Posted: 9:42 a.m. Wednesday, Aug. 28, 2013
By Josh Kirkendall
Unless you've resisted twitter, and judging by the comments this summer that might actually be a majority of you, there was a little hubbub about predictions being made at CBSSports.com. Obviously you know that Pete Prisco named the Bengals AFC North Champions, then AFC Champions, and then Super Bowl Champions.
Of the seven NFL experts at CBSSports.com predicting the 2013 season, five (Jason La Canfora, Prisco, Will Brinson, Josh Katzowitz, and John Breech) have the Bengals winning the AFC North -- Pat Kirwin and Ryan Wilson picked the Baltimore Ravens. All seven had the Bengals first or second in the AFC North -- three people had the Ravens in third place, and four had the Steelers in third. Three writers labeled Cincinnati as the AFC Champions (La Canfora, Prisco, Breech).
Kirwin offered more detailed reasoning, placing Cincinnati's chances at the feet of the team's quarterback.
The Bengals have been to the playoffs the past two seasons. A lot of people think this is the season they win the division and make a deep playoff run. They have quality depth on defense, a game-breaking wide receiver in A.J. Green and coaching stability. Ultimately, success depends on QB Andy Dalton. I like Cincinnati as a wild-card playoff unit, but scoring only 49 points in their final three games (16.3 points per game) will not get them very far.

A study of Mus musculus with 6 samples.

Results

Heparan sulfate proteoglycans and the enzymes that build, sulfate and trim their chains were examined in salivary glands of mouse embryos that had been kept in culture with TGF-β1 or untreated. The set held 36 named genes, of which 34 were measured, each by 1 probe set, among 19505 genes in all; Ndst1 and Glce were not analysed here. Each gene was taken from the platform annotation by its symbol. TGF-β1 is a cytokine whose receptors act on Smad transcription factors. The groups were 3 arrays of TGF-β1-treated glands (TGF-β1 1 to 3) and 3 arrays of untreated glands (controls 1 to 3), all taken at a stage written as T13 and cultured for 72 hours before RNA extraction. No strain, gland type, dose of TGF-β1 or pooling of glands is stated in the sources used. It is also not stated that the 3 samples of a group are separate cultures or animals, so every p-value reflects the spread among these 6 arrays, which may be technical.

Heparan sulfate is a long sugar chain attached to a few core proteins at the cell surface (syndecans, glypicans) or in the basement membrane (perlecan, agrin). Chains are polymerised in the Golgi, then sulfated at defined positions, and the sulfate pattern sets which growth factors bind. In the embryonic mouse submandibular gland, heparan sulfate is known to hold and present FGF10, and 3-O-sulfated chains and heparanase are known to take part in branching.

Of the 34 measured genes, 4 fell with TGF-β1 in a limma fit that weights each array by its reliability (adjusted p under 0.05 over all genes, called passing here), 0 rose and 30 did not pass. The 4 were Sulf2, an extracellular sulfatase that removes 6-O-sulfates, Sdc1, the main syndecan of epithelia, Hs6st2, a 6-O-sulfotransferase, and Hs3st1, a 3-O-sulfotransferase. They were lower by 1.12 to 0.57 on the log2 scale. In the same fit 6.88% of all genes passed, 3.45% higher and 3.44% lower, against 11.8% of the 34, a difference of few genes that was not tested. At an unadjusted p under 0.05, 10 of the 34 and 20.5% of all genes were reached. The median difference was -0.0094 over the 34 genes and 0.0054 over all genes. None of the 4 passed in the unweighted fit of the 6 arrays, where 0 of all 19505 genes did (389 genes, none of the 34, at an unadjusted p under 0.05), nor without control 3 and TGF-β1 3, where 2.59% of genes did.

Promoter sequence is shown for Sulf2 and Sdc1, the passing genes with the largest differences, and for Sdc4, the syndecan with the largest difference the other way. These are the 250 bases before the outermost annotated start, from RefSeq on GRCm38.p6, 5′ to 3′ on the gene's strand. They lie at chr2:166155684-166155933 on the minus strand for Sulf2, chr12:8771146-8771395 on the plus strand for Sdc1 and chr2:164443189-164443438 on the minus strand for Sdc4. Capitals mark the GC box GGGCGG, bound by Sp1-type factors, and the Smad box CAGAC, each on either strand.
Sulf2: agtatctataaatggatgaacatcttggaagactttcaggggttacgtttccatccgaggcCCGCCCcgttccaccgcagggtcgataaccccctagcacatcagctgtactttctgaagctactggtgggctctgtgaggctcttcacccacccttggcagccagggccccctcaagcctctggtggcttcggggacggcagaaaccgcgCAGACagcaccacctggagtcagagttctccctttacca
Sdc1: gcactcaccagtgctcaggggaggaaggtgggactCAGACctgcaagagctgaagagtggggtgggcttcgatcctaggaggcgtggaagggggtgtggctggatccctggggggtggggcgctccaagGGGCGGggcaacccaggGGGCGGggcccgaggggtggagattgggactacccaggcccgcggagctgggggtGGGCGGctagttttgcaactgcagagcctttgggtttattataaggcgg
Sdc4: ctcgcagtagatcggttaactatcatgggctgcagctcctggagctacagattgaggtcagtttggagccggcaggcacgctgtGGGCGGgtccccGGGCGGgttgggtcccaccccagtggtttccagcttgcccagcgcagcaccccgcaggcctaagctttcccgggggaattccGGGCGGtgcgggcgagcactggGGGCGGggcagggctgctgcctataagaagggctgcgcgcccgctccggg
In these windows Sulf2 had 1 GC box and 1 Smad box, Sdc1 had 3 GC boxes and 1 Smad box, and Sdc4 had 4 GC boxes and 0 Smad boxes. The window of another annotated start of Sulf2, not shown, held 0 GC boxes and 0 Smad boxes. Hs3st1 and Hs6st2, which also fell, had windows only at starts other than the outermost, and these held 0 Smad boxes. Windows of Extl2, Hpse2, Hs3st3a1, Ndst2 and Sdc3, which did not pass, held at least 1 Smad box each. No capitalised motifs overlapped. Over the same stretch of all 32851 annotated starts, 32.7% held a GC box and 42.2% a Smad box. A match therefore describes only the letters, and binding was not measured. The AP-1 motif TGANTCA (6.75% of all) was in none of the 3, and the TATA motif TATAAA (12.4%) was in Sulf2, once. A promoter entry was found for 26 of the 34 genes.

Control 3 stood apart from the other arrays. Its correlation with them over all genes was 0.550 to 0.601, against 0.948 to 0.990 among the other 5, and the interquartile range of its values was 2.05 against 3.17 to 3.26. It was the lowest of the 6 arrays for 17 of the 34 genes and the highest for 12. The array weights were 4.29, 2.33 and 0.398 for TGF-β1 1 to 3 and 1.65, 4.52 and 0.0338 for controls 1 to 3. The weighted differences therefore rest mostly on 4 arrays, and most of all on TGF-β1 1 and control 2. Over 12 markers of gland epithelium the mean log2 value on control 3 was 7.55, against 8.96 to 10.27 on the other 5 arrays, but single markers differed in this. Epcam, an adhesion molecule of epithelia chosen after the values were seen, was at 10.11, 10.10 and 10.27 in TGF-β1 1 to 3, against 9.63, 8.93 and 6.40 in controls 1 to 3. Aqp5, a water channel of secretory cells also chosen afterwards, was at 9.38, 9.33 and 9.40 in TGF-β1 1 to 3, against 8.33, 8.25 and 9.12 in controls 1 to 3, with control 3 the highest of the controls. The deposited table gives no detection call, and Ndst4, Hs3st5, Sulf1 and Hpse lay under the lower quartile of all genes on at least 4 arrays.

Michael Silver with NFL.com predicts that the Bengals will win the AFC, in spite of Andy Dalton.
So yes, I realize that I'm asking many of you to take a leap of faith when I size up the ultra-talented Bengals as championship contenders, despite my lack of conviction that they have a championship quarterback. And to be fair, most of the people I've talked to inside the Bengals organization have no quarrel with that assessment, though they absolutely hope Dalton can prove all of us wrong.
Even the Canadians like the Bengals with TSN predicating that the Bengals claim first place, writing that "they just have to take care of January and early February."